Muscat: Rumours about an impending tsunami may have died down, but the potential of the disaster striking Oman's eastern coast from the Makran subduction zone cannot be ruled out, according to a Canadian palaeontologist.
Eduard G. Reinhardt from School of Geography and Earth Sciences, McMaster University in Canada has worked for several years in Oman's eastern coast near Qalhat and Sur on coastal evolution and ancient harbours.
"He has found significant scientific evidence of the 1945 tsunami in Sur lagoon from shell deposits to raise possibility of tsunami striking Oman in future," Dr Barry Jupp, senior marine scientist with the Ministry of Regional Municipality, Environment and Water Resources, told Gulf News yesterday.
He added that there was hard evidence within living memory of a tsunami striking Oman's eastern side. "It is not based on any hypothetical theory but hard evidence," he said, adding that the preliminary studies were carried out from shell deposits in Khawr Al Batah.
According to Professor Reinhardt, fractured shells deposits found in the area indicate the impact of tsunami or earthquake in the sea.
The history of 1945 tsunami, which seems difficult to find on official recorded data, also points at the risk of tsunami from Makran subduction zone, where if more pressure on trenches builds up then it can release pressure earthquake in water causing tsunami.
Dr Jupp reckons that the direct scientific evidence of tsunami makes Tsunami Early Warning system on the Oman coast more relevant to assess the potential risk from the Makran subduction zone.
In fact Texas-based Lighthouse Research and Development Enterprise has been trying out their Tsunami Early Warning prototype system off Oman's coast and have found out that their new Dart system which employs fibre optic cables is viable.
"We have set up our prototype system near Abu Bakara near Shinaz in the north of Oman after a two-year agreement with Oman's Ministry of Agriculture and Fisheries' Marine and Science Centre," Ken Du Vall, President and COO of Lighthouse, told Gulf News yesterday.
The system is called Lighthouse Environment Tsunami-Ocean Bottom Seismic (Let-OBS).
"Our system utilises latest advancement in telecommunication industry to bring seismic and wave height information to monitoring facilities anywhere in the world and offers unprecedented reliability," he claimed.
He said that they collect data from their system exclusive for Oman at the moment but they do have permission from the Oman government to inform the world community about any imminent danger from the data collect from this Tsunami Early Warning system here.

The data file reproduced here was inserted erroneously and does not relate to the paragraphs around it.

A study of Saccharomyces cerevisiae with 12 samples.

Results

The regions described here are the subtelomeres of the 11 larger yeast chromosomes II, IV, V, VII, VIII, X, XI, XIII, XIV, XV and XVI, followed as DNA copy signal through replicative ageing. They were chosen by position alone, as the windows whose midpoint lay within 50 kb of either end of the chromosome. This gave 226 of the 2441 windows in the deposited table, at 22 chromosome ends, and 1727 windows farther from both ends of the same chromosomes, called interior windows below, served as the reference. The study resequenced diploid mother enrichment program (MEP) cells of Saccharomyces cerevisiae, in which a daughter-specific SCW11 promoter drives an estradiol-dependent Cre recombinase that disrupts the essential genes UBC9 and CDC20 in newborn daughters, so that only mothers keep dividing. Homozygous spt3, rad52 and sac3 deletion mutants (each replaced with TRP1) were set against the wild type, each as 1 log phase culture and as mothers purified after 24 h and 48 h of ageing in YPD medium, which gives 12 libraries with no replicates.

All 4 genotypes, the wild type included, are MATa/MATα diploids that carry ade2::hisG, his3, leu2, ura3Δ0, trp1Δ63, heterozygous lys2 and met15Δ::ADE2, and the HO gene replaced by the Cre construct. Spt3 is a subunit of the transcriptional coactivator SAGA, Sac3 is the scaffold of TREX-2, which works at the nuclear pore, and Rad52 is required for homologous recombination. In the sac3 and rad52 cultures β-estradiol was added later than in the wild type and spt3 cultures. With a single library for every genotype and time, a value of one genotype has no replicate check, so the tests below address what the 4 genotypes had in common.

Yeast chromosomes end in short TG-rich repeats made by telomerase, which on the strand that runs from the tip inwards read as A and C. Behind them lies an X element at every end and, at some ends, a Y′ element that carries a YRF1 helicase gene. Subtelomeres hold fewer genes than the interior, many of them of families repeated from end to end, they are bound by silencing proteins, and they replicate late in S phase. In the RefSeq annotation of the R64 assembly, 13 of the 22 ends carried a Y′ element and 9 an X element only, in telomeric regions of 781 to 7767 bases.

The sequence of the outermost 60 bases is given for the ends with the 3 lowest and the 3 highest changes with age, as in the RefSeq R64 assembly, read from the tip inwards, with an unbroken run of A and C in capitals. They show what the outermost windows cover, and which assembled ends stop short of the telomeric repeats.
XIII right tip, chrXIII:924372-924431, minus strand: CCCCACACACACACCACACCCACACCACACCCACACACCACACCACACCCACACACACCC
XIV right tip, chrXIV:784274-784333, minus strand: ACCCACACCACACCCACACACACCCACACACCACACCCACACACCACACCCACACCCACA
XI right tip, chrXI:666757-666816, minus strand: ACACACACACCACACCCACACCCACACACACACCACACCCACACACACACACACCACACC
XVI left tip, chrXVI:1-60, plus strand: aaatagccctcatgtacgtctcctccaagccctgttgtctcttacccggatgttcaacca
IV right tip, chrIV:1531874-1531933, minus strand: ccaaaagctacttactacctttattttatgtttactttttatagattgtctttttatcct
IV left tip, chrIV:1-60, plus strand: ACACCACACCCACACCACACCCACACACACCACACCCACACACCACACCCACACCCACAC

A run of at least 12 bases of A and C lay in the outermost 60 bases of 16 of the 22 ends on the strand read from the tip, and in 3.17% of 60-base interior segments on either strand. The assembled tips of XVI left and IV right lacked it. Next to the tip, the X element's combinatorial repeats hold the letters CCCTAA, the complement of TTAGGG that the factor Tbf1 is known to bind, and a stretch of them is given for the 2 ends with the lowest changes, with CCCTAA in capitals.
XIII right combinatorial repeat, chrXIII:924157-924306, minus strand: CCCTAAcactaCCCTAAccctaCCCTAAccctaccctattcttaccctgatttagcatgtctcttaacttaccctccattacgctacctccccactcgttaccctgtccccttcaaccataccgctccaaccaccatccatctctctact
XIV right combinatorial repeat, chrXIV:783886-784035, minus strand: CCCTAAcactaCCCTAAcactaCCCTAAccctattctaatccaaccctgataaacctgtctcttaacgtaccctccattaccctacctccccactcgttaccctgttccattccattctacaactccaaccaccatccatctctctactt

After initial experiments here, Du Vall, feels that the system has the potential to go Real Time and can warn early about the impending tsunami.
Makran coast was hit by a magnitude 8 quake
- The tsunami of November 28, 1945 was a major incident in the region when an earthquake of magnitude 8 caused great devastation in the Makran area of Pakistan.
- More than 4,000 people were killed on the Makran Coast by both the earthquake and the tsunami. The waves reached a height of over 10 metres in some Makran ports and caused great damage to the entire coastal region, including the Omani coast.
Have your say
Do you feel the threat of a tsunami in the region is real? Can there ever be a proper early warning system when it comes to predicting the magnitude of natural disasters? Share your views at firstname.lastname@example.org or fill in the form below to send your comments.
I agree with the studies that the events maybe possible and one must prepare for this event to reduce the number of victims in human life and structure within the areas expected to be hit by this expected earthquake.
Yes, the threat of a tsunami in the region is clear. The tsunami in Indonesia slightly affected this region, how much would the effect be if it started from the nearby fault lines. There can never be an early warning system for this kind of natural disaster. Just educate the people about the consequences after an earthquake.